Experts tell ABC News that soft targets offer terrorists both practical and symbolic value.

John Cohen, a former counter-terrorism coordinator for the Department of Homeland Security, listed concert venues, transportation hubs, hotels, shopping malls and sports venues as examples of soft targets.

“They are places that are difficult to harden because that would undermine the very reason they exist,” said Cohen, who is now an ABC News consultant.

Manchester has now canceled concerts scheduled for later this week as musicians around the world expressed their horror and condolences.

Karen Greenberg, director of the Center on National Security at Fordham University School of Law, said that an attack at a concert carries deep cultural connotations.

“The symbolism of attacking Westerners who are enjoying themselves is what makes it an attractive target,” said Greenberg, who is also the author of Rogue Justice: The Making of the Security State. “Terrorism is making civilians feel unsafe in their space.”

Evolving protection techniques

Security precautions have been ramped up throughout much of the U.S. and Europe in recent years in light of other attacks, though Greenberg said that in focusing on more obvious, high-profile targets, law enforcement may have merely diverted the possibility of attack into other areas.

“We’ve made it so secure in places that are known targets that they’ve pushed attacks into more marginalized places,” Greenberg said. “That’s an interesting part of what’s happened. Law enforcement has to secure not just the central places, but recognize what that means in terms of where it pushes an attack.”

Cohen noted that the evolving nature of how terror groups operate have placed soft targets in the sights of would-be terrorists who have not undergone military training.

“The tactics of groups like AQAP [Al-Qaeda in the Arabian Peninsula] and ISIS have changed, where they have sought to inspire [followers] primarily through the internet and social media,” Cohen said. “Attacking a soft target doesn’t require a high degree of planning and support. You can essentially get your weapon, go to a public place and kill or injure as many people as you can.”

Cohen said that law enforcement officials are adapting by expanding the process by which they identify threatening individuals before an attack and determining “whether someone who comes to the attention of law enforcement poses a threat of carrying out one of these attacks.”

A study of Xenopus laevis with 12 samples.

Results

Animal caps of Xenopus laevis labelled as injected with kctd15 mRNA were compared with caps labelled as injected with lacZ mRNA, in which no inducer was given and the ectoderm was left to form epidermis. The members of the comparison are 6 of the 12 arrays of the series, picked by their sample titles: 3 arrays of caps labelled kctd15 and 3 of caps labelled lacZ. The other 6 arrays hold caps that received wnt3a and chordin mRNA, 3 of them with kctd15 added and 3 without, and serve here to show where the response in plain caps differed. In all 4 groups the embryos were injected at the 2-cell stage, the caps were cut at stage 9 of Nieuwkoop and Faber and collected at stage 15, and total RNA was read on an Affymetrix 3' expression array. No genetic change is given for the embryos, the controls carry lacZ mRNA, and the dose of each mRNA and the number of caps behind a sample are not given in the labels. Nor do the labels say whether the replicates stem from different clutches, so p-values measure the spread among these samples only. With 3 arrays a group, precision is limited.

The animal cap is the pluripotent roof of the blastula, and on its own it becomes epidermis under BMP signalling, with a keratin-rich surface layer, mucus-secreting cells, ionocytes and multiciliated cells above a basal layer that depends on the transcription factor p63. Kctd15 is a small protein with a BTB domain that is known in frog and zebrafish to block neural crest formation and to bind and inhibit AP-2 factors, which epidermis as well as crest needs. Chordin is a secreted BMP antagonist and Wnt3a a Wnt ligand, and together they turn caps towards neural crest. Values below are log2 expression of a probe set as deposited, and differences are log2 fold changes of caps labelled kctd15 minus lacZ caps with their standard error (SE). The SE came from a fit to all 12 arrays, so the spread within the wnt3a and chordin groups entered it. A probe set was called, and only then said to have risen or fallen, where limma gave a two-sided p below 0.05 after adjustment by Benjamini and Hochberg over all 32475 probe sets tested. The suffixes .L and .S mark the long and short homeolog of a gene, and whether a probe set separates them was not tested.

“At the end of the day it is extraordinarily difficult to secure every soft target within a jurisdiction, so our success in reducing these types of attacks will only come when we’re better able to identify those within our communities who are potential attackers and prevent them from committing an act of violence,” Cohen said.

Preparing the public moving forward

The prospect of eliminating the public’s proximity to soft targets isn’t necessarily possible, and Cohen notes how politicians and local officials regularly encourage people to continue to live their daily lives normally after such an attack.

That kind of encouragement is a way of combatting the second impact of a terror attack, which is the fear that terrorism instills in people in an effort to change their ways.

Greenberg said that attacks on soft targets have “succeeded in a lot of ways” in that they replace the public’s sense of safety with one of fear.

“Since 9/11 in this country, since 7/7 in Britain, there’s a heightened sense of fear about going about daily life,” she said, referencing attacks in 2001 and 2005, respectively. “If one of the things they are attacking is peace of mind in our daily life, they can succeed in doing that. That’s the goal.”

Cohen said that people should “be aware but not afraid” of going to soft target areas, noting that they should be observant and alert law enforcement if they spot anything suspicious, as well as plan accordingly when going to large events, like concerts, because there may be increased security.

Greenberg urges people to adapt and evolve with the changing times.

“Terrorism is a problem that we have to manage, not a problem we can completely eradicate in foreseeable future, so every attack teaches us more ways to be vigilant,” Greenberg said. “I don’t think you have to tradeoff liberty for security. Good security allows people to live their lives.”